Tenants allege that the Gotham Organization overcharged them by revoking utility credits in leases at three large Hell’s Kitchen apartment buildings — credits that the landlord says were issued by mistake.
Attorneys representing the tenants filed the lawsuit in state court Friday seeking class-action status for tenants at three complexes. At nearly 800 income-restricted units, Gotham nixed utility credits in thousands of leases starting in June 2019, the suit says.
In response, some tenants have not signed their renewal leases. Gotham, in turn, has brought holdover eviction proceedings which are still pending, according to the lawsuit, which seeks treble damages for the revoked credits, attorney fees, court costs, and additional damages for tenants at 510, 530, and 550 West 45th Street (called Gotham West), and 511 West 44th Street.
In a statement, a Gotham spokesperson said that the original credits were a mistake — the result of a “clerical error by prior management” — and that it was working with elected officials and government agencies to legally remove the credits. In the meantime, the company said, it will restore the rent discounts.
The problem for Gotham is that because that discounted rent was registered with the state, it’s now the official registered rent.
Attorneys for the plaintiffs declined to comment.
The lawsuit alleges that Gotham included the utility credits repeatedly in new leases and renewals and used them as a selling point as the firm was “struggling to fill the units in their newly constructed buildings.”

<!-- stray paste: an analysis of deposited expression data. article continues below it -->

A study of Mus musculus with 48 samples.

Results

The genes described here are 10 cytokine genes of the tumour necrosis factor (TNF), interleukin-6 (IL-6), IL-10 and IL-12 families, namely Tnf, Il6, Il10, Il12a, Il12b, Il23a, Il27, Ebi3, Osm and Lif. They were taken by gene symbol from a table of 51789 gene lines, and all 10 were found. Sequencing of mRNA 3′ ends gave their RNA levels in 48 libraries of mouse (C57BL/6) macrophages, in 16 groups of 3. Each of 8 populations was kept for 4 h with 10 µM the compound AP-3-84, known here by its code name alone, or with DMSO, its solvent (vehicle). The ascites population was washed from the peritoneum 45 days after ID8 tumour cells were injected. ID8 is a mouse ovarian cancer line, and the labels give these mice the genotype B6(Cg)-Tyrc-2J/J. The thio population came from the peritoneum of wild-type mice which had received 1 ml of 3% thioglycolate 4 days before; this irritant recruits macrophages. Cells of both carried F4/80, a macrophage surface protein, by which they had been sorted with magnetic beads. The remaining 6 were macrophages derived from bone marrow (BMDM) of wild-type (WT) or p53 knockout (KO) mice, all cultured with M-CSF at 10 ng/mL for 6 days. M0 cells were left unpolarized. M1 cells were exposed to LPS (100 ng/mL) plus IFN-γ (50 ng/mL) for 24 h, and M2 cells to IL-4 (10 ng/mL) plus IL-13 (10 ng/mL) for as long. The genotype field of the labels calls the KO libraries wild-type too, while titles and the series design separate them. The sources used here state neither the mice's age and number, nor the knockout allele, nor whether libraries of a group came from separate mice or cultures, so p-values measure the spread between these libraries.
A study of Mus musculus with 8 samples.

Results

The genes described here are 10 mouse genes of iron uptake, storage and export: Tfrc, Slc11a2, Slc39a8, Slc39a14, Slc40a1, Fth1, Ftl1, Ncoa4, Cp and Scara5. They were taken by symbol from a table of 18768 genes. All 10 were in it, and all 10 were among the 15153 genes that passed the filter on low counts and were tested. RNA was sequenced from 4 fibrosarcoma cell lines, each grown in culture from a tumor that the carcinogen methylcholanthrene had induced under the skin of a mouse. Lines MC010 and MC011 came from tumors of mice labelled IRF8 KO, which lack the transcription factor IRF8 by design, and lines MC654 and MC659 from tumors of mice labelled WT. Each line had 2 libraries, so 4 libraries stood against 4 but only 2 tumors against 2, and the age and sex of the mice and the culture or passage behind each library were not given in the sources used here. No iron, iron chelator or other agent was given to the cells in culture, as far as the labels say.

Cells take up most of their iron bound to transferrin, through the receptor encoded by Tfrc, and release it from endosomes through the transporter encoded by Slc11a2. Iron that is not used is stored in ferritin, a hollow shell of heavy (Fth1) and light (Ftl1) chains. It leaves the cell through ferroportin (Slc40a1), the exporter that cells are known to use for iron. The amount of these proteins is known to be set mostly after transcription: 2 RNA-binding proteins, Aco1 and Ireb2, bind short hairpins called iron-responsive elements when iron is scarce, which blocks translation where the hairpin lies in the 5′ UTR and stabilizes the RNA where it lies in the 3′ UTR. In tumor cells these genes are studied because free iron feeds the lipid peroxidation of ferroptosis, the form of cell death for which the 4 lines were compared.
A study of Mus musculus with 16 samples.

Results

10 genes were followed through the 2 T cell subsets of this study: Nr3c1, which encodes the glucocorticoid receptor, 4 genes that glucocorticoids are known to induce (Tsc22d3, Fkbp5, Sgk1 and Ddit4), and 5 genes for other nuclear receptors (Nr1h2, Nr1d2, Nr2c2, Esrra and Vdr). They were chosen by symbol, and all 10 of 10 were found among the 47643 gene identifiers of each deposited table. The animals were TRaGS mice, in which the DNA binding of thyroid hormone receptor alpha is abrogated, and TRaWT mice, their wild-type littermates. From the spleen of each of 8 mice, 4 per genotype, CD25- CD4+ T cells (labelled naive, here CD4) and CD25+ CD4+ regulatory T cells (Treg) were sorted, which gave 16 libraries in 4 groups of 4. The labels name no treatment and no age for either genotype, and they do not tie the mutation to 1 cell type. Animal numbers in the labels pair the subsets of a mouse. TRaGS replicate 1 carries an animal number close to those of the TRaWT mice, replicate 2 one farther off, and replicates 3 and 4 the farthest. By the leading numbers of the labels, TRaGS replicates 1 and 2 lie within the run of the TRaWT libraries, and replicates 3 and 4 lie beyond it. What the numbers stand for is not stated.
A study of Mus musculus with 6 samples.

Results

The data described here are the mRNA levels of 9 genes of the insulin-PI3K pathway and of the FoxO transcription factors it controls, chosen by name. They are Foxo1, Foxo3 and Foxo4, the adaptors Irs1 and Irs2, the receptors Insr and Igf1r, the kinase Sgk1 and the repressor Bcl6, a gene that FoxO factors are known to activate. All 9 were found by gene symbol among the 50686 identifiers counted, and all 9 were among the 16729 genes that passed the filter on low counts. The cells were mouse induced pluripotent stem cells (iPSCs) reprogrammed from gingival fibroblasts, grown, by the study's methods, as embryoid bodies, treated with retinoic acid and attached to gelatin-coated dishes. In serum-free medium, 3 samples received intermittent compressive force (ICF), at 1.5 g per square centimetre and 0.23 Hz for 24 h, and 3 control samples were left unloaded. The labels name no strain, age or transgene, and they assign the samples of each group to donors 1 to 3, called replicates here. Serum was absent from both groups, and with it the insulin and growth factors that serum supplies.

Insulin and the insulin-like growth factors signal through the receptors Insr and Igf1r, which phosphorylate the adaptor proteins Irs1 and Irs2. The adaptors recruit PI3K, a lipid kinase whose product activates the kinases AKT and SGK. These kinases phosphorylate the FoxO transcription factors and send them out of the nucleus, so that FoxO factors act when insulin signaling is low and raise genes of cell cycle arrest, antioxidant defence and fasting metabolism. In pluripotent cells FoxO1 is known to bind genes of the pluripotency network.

In a court filing, the plaintiffs show advertised rents which included the utility credits, as well as correspondence which indicates the credits were part of the lease agreement.
A one-bedroom, income-restricted apartment in one of the buildings is currently advertised on StreetEasy for $1,607, after concessions. The apartments boast new, full-size, stainless steel appliances and ample storage.
Developers receive state and federal subsidies in exchange for restricting tenants’ incomes and rents. For the property owner, the affordability component comes with significant regulatory oversight.
In this case, the Gotham buildings’ 421a tax abatement places the apartments under rent regulation for the duration of the benefit. Rent increases on renewed leases are set each year by the Rent Guidelines Board. But in one case, the lawsuit alleges, a lease renewal revoked a $55 utility credit, amounting to a nearly 6 percent rent increase — more than the 2.5 percent allowed by the board for a two-year lease.
Compounding the dilemma for the landlord, the 2019 rent law greatly increased the financial liability for overcharges by expanding the look-back period for treble damages from four years to six. Triple damages for a wrongfully revoked $55 utility credit would be $1,980 per year.
If class-action status were granted and attorneys for the plaintiffs can identify the “thousands” of tenants who lost credits, overcharge damages alone could be nearly $2 million. A lengthy period of discovery would also allow for significant legal fees — all to be paid by the landlord should the plaintiffs prevail.
The tenants, however, are not only seeking damages for overcharges but for an alleged breach of the building’s regulatory agreements.
The 421a benefit comes from a state law and rents are registered with the state’s Division of Homes and Community Renewal, but the abatement is administered by the city’s Department of Housing Preservation and Development. Moreover, the Gotham buildings are financed with federal Low-Income Housing Tax Credits. Such complicated frameworks sometimes leave property owners and tenants wondering who the referee is.
According to documents provided by a source close to Gotham’s thinking, one plaintiff in the lawsuit petitioned Homes and Community Renewal for a review of possible overcharges but the agency ruled in January that it lacked jurisdiction.
A spokesperson for Gotham said the agency reached the same conclusion in 19 similar complaints.